I flick between my iPad, notebook and desktop PC on a regular basis. Simple browsing is done on the 40m-selling device from Apple, some editorial is written on the notebook, especially at events, and the desktop PC for reviews when only a couple of 24in displays will do. In short, I genuinely make use of three devices.
ASUS has looked at blurring the line between tablets and notebooks with the Transformer series of Eee Pads. The latest incarnation, the Prime, does an admirable job of fusing the two together, with the keyboard working particularly well in 'notebook' mode. Here is one area in which ASUS has an advantage over Apple.
But in addition to the official keyboard dock from Apple, priced at £56, there are a whole host of companies that produce aftermarket keyboard/sleeves for the two iPads. One such company is Urban Factory, a French outfit who has been steadily expanding its product line-up in 2011. We took in the firm's iPad (2) Keyboard Sleeve for a spin.
The only outward indication that this isn't merely another iPad folio rests with the thickness and weight of the imitation leather case. Tipping the scales at 682g (550g claimed) and 32mm thick, it doubles a first-generation iPad's weight.
Open it up and the innards come into view. The iPad-wide silicone keyboard connects to the device via Bluetooth - pairing is simply a case of going into the tablet's settings, activating Bluetooth, inputting a pairing code, and clicking on connect - and that's all there's to it. The spill-resistant keyboard has a built-in battery that's charged via a standard micro-USB cable and, making sure juice isn't wasted, there's an on/off switch on the far side. I had no problem in using the keyboard for days on end, albeit in 20-minute sessions, without recourse to charging.
The premise here is to make typing longer emails easier and work more productive when compared to the virtual on-screen keyboard on the iPad itself. Understanding that silicone is used, the keyboard feels somewhat mushy on first use, especially when put next to a quality notebook's, but the feeling becomes more natural over time.
Function keys replicate many of the features you'd commonly use on the iPad and the keyboard becomes intuitive to use after a few days. I'm a touch typist who makes use of the ridges on the F and J keys, which are present here, and after getting used to just how the keys respond, found that typing a 200-word piece was about 20 per cent faster on the Urban Factory keyboard than on the iPad's virtual on-screen version. However, when asking three single-digit typists to compare keyboards on a comfort and speed level, the results were split.
The clash between a touchscreen device and external keyboard is most acute when going through everyday tasks. For example, if you're browsing the web using the iPad's Safari app, there's no way to access the address bar without reaching out and touching it, and the keyboard's up and down arrow keys don't allow you to scroll through a page.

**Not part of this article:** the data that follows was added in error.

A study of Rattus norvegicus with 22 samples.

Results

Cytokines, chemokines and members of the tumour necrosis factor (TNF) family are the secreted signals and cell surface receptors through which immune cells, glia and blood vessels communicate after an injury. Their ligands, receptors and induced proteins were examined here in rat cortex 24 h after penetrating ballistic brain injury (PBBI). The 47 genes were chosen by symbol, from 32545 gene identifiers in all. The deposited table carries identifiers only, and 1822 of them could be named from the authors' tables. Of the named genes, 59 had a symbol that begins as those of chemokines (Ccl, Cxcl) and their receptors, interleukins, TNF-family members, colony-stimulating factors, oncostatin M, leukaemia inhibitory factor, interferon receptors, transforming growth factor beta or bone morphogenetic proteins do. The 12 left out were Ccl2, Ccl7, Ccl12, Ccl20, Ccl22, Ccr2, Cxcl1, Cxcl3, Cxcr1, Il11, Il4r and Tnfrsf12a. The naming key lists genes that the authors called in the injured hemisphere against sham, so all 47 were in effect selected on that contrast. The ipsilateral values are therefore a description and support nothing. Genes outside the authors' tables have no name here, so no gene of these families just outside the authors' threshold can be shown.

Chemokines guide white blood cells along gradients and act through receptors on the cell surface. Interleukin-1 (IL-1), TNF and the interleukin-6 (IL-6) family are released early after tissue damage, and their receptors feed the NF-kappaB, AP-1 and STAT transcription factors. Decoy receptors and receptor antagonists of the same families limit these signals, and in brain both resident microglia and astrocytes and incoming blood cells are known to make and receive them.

The keyboard has a dedicated search button, but use it to find content and you're left unable to select the results without using the touchscreen. Similarly, pressing the home button returns you to your home screen as expected, but there's then no way to then load another app without... you guessed it, reaching out for the touchscreen. This is down to how Apple has designed the user interface rather than an oversight on Urban Factory's part.
The iPad-holding portion of the sleeve accepts both iPad 1 and iPad 2 tablets, with the necessary camera holes for the newer model. Look again at the top picture and the right-hand side is actually a flap that turns into a multiple-angle stand when the tablet is in the inner sleeve, which can be rotated to a vertical viewpoint if you so desire. The rotation mechanism works via a snap fastener and the inner sleeve can be pulled away from the folio, creating a thinner, lighter case that's good for everyday use.
The large palm rest area is good when sitting at a table or desk with plenty of spare space but can be awkward when placed on a lap. This front section needs to be tucked back under the folio for the keyboard to work well in this position. Really, the iPad (2) wasn't designed to be enclosed in larger, keyboard-totin' folios, and while Urban Factory has gone about designing such a folio with some nice features, the overall package feels like too much of a compromise when you factor in the lack of benefit that an external keyboard provides for most folk using Apple's tablets, though, being balanced, I see merit for the road warrior who needs to type out longer emails on a regular basis.
Keyboard folios for tablets are much like Marmite: you either love them or loathe them. The Urban Factory Keyboard Sleeve, priced at £89.99, does exactly what it promises. Whether it's value to you depends upon just how much you need to have an external keyboard for what is essentially a super-portable device. And if you don't need an all-in-one case there are significantly cheaper options out there.
Solid build quality
Inner sleeve can be removed
Keyboard provides bonus for touch typists
Increases travel weight to 1.3kg - as much as a decent netbook
Keyboard may provide no speed-up for non-touch typists
Bulky, but that is the nature of the beast
Urban Factory iPad (2) Keyboard Sleeve
The Urban Factory iPad (2) Keyboard Sleeve is available from Amazon.co.uk.